Ten-year-old Terrance Gilmore becomes teary eyed as he listens to speeches from people marching in downtown Bakersfield and demanding justice for Trayvon Martin, a 17-year-old boy who was shot and killed by George Zimmerman in Florida. Zimmerman claims self-defense but many are questioning whether Zimmerman acted in self-defense. Martin was wearing a hoodie and most people in the march wore a hoodie.


Rosalind Woods-Sapp, holding a sign that reads, "could have been my son," speaks to people who marched to bring attention to the Trayvon Martin case in Florida. Trayvon Martin was shot and killed by George Zimmerman, who claims the shooting was in self-defense. Many in the march in downtown Bakersfield Wednesday wore hoodies to show solidarity with Martin, who was wearing a hoodie at the time of the shooting.


Moemo Gentry, foreground, and others wear hoodies during a march in downtown Bakersfield to show solidarity with Trayvon Martin, who was shot and killed in Florida by George Zimmerman, who claims the shooting was in self-defense.


Bearing Skittles and wearing hoodies, more than 100 people gathered outside Bakersfield City Hall Wednesday calling for justice for Trayvon Martin.

For 14-year-old Whitney Rios, who led the march from the GET Bus downtown transit center to city hall, justice means incarceration for George Zimmerman, the neighborhood watch volunteer who shot Martin during a confrontation with the teen. Details of what exactly happened are still emerging; Zimmerman told police he acted in self-defense.

The Florida teen's death and the lack of charges against Zimmerman last month triggered a wave of outrage. Rios planned the march in less than a week with help from her sister to show support for Martin's family and give an outlet to the local response.

"It's just nice to see everybody come out as a community and come together and take a stand for something we all believe in," Rios said. "I believe one day, if it's not today, tomorrow, next month Trayvon Martin, he will get justice."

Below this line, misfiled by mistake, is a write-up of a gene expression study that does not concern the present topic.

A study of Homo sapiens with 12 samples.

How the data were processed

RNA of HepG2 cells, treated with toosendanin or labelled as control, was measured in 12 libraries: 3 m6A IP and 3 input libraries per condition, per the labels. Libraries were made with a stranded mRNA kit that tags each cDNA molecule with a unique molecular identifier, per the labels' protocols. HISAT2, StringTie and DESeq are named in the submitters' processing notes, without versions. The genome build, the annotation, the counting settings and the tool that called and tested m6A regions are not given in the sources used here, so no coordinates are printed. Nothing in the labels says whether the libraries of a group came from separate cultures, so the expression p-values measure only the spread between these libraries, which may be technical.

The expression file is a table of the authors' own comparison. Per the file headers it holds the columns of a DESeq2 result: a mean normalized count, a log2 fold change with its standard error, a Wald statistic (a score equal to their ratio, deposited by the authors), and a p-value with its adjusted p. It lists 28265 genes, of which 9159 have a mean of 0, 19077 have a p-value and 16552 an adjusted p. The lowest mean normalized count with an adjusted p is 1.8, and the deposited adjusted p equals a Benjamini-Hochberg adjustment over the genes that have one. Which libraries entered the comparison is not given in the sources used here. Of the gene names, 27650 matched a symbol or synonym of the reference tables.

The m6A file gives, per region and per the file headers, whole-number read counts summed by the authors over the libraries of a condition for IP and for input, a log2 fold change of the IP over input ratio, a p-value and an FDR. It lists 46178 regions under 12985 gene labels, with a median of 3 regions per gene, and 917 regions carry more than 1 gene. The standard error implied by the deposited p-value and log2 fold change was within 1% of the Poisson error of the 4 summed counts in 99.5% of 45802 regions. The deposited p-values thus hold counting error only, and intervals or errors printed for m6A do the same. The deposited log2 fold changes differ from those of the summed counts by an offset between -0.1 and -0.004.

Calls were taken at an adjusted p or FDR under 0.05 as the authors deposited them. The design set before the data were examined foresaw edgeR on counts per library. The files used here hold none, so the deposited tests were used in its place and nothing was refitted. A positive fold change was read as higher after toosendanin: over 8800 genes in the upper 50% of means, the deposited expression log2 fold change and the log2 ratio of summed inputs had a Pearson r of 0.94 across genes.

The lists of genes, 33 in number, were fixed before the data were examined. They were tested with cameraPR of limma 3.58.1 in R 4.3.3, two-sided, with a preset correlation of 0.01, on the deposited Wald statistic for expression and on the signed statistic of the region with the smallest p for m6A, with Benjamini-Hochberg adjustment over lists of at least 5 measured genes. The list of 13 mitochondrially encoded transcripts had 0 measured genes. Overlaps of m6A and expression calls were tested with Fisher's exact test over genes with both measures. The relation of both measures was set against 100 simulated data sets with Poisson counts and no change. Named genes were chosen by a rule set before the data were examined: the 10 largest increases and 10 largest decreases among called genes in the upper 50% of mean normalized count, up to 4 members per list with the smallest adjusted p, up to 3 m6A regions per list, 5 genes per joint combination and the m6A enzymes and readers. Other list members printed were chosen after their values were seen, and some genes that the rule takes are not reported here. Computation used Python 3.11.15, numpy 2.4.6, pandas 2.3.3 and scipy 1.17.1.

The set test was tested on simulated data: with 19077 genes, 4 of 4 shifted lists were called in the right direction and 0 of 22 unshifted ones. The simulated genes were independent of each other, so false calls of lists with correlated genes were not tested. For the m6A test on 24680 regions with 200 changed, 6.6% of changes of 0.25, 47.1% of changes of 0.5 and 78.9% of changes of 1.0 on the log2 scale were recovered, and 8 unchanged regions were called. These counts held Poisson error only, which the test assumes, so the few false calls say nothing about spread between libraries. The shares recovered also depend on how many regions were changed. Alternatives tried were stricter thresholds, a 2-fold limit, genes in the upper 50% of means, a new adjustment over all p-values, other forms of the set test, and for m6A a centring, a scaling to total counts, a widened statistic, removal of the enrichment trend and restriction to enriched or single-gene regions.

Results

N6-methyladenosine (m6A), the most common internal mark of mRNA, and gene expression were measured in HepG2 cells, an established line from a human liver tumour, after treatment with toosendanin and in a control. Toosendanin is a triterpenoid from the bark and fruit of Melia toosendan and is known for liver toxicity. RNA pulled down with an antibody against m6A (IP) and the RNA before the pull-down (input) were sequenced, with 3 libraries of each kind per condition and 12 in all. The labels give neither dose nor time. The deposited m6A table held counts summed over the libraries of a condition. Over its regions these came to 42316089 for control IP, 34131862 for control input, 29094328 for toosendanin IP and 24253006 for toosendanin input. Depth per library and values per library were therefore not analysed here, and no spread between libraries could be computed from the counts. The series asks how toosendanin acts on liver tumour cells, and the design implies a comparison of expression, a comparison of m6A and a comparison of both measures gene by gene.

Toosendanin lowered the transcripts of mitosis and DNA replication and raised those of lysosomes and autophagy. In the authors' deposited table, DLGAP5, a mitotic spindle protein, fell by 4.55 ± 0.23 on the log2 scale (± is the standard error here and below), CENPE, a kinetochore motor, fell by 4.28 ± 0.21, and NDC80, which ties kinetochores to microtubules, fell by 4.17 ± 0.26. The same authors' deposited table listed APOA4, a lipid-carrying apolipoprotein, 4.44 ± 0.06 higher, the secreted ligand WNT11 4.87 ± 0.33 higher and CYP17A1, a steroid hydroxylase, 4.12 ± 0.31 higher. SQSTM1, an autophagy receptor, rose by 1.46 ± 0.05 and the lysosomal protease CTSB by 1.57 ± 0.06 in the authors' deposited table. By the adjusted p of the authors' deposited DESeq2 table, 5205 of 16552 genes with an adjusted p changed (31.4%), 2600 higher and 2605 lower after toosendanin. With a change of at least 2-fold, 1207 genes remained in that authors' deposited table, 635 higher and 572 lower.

The crowd chanted, "We are Trayvon" and "No justice, no peace," as they marched. Gathering on the corner of Chester and Truxtun avenues, people took turns with a megaphone calling Martin's death a tragedy and asking the crowd to stand together against injustice.

Ryan Bell said the issue goes beyond black and white to "wrong and right," and said Florida's "Stand Your Ground" law is wrong.

"We're here talking about justice. This is more than color," Bell said.

Others told the crowd to remain vigilant about local issues as well and register to vote so they have power. Rios' sister Jaime Dock declared, "If I wanna rock my hoodie." and the crowd answered with a loud "I can."

Rosalind Woods was glad there was a local event to express support for Martin's family. She said she didn't have words to describe how sad she felt when she heard of Martin's death. She thought of her own 11-year-old son and the pain Martin's mother must feel.

"After everything (with the case) is done, her son is still gone," Woods said. During the march, Woods held a sign decorated with glitter and hearts that read, "Could have been my son."